Publication Date : 07-01-2014

 

The thoughts of all Chinese people are with the 101 scientists and 42 crew stranded on board the Chinese icebreaker Xuelong, or Snow Dragon, which has been stuck in Antarctic ice since Friday. We hope they can brave the adverse weather conditions, maintain their spirits and finally escape their predicament safe and sound. At this critical moment, assistance from any countries able to extend a helping hand is needed and would be welcomed.

The Xuelong became trapped after going to the aid of the Russian research vessel, the Akademik Shokalskiy, which had been stuck in ice since Christmas Eve. After thick sea ice, blinding snow and strong winds foiled attempts to reach the ship, clear weather on Thursday allowed the Xuelong's twin-rotor helicopter to successfully evacuate the 52 passengers on the Russian ship to the Aurora Australis, an Australian supply ship. However, the helicopter could only carry 12 passengers at a time and it took seven hours to transfer the scientists and tourists from one ship to another. While it was shuttling backwards and forwards from one vessel to another, the Xuelong's own passage was blocked by an iceberg, and it is now trapped in ice up to 4 metres thick, 15 kilometres from open water.

The Xuelong left Shanghai in early November on a 155-day mission, involving scientific research, construction of the country's new Antarctic research station and the inspection of an already established research station. Its decision to come to the aid of those on board the trapped Russian ship and its own stranding as a result, will undoubtedly interrupt its mission, as the window of favourable weather is limited in the Antarctic. However, the willingness of those on board the Xuelong to help those in need, fully demonstrates that China is a responsible member of the international community and its readiness to participate in any international rescue efforts where it can be of use.

And there can be no doubt that Chinese people are willing to go out on a limb to do so when necessary. Helicopter pilot Jia Shuliang said that he had no way of knowing whether the ice could withstand the helicopter's weight. And although it failed to pull the stranded Russian ship out of trouble and even put itself into an unexpected life-and-death situation, the successful rescue mission by the crew on board the Xuelong has won the hearts of people around the world.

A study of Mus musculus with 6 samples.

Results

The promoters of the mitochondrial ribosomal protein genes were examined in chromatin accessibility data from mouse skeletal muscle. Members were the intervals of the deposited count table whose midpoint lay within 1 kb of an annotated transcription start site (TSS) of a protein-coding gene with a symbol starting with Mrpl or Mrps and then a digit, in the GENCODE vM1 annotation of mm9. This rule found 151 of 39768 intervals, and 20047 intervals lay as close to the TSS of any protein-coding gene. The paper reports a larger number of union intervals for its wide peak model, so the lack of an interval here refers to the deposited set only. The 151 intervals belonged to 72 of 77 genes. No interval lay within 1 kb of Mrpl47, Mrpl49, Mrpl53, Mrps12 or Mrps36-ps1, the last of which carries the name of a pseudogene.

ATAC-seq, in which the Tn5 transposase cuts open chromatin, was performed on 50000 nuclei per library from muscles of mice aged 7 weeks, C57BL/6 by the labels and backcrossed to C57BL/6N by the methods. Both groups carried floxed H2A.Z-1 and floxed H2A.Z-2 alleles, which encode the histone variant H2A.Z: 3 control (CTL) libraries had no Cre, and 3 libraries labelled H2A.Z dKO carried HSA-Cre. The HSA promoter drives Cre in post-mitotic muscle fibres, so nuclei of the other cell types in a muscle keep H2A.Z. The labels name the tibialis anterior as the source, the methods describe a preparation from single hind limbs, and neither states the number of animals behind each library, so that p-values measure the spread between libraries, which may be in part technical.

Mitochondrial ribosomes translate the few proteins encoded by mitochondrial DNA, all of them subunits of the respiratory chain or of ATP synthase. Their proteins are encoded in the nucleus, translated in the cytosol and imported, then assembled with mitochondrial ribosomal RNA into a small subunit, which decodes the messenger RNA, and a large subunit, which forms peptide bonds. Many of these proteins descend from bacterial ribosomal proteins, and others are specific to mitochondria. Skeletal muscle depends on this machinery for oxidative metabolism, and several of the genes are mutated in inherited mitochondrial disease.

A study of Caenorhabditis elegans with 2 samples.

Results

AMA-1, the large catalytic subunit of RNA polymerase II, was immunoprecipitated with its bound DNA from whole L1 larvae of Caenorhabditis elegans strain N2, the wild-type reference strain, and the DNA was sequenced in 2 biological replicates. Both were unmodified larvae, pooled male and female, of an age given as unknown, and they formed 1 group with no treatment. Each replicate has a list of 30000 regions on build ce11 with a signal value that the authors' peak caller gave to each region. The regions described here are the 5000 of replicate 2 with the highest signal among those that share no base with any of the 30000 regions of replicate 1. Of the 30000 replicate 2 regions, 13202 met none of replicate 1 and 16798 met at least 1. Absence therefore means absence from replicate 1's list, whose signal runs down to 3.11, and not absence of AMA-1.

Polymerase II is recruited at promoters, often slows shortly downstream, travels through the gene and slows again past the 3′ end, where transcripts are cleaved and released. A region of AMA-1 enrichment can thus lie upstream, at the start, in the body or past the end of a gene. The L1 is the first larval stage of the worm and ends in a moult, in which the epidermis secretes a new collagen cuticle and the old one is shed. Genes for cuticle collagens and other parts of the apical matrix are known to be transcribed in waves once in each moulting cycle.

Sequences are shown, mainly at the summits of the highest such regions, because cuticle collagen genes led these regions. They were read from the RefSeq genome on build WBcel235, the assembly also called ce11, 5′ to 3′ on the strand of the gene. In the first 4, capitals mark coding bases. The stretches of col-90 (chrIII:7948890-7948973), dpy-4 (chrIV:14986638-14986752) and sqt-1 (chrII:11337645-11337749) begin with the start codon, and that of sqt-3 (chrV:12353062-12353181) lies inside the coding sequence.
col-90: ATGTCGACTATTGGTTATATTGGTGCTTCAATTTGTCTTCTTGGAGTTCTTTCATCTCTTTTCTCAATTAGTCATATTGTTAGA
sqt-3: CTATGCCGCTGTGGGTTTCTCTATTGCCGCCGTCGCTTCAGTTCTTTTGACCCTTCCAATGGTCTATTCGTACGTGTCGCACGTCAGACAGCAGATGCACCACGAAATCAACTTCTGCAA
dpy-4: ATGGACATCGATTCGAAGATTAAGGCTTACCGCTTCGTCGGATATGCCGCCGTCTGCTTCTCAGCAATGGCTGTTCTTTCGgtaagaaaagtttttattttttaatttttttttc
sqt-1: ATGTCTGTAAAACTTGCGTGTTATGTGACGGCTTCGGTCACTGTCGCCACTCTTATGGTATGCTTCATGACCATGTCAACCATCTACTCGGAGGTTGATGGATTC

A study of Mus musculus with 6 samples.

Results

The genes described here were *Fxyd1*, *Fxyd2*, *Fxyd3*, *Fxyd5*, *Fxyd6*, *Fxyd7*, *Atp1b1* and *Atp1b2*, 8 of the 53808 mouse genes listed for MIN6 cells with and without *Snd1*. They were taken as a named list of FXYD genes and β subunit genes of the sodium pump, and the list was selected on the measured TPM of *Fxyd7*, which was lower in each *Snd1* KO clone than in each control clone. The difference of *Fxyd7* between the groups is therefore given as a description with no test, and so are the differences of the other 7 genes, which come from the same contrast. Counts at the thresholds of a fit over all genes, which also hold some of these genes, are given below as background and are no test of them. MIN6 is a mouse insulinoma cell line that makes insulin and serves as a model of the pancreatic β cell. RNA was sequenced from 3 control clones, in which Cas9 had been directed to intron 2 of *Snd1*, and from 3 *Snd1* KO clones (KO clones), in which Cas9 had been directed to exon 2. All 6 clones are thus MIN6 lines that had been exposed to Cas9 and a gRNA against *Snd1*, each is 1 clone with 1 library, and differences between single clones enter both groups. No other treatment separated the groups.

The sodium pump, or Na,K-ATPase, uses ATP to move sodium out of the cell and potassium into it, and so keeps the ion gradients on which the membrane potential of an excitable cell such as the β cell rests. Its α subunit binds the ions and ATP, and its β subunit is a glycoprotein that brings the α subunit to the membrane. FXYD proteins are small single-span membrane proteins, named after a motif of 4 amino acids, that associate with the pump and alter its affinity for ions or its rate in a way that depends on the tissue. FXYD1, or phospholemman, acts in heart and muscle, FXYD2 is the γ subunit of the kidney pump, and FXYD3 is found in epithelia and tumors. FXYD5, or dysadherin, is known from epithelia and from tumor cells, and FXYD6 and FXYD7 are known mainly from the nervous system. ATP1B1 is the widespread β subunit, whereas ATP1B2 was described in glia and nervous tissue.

And, although no substantial progress has been made in extricating itself from the ice, despite being stuck in such a precarious situation, the scientists on the Xuelong are continuing their research with a never-yielding spirit and the team is making full use of their unplanned stop to collect precious data from a geomagnetometre set up on the vessel.

Showing its own family spirit, the United States has acted in response to rescue requests from China, Australia and Russia, and dispatched one of its largest icebreakers, the Polar Star, to assist the still icebound Akademik Shokalskiy and the Xuelong. The commander of the US Coast Guard Pacific area, Vice-Admiral Paul Zukunft, said there is sufficient concern that the stranded vessels may not be able to free themselves from the ice, "which is why we are assisting in breaking a navigational path for both of these vessels".

It is expected the powerful 122-metre US icebreaker, which can break ice up to 1.8 metres while travelling at three knots and can break ice more than six metres thick, will reach the trapped Chinese and Russian ships by the end of the week, and hopefully it will be able to help free the two vessels from the icy clutches that hold them.

The trapping of the Akademik Shokalskiy and the Xuelong once again proves the necessity for the international community to put in place a timely international emergency rescue system.

Although the final outcome is yet to be seen, the efforts of all those involved from Australia, China, France and the US are praiseworthy paradigm of international cooperation and show that in times of need we can all pull together.

With the rapid advances in science and technology made over the last 100 years, humans have boldly extended their presence and set up long-stay bases to explore the polar regions and space. However, despite the remarkable technological advances that allow human beings to explore these regions, which are otherwise inhospitable to them, they are still vulnerable. But when the chips are down our common humanity can rise above our differences as the ongoing international cooperation and joint rescue efforts in the Antarctic show.

The author is a senior writer with China Daily.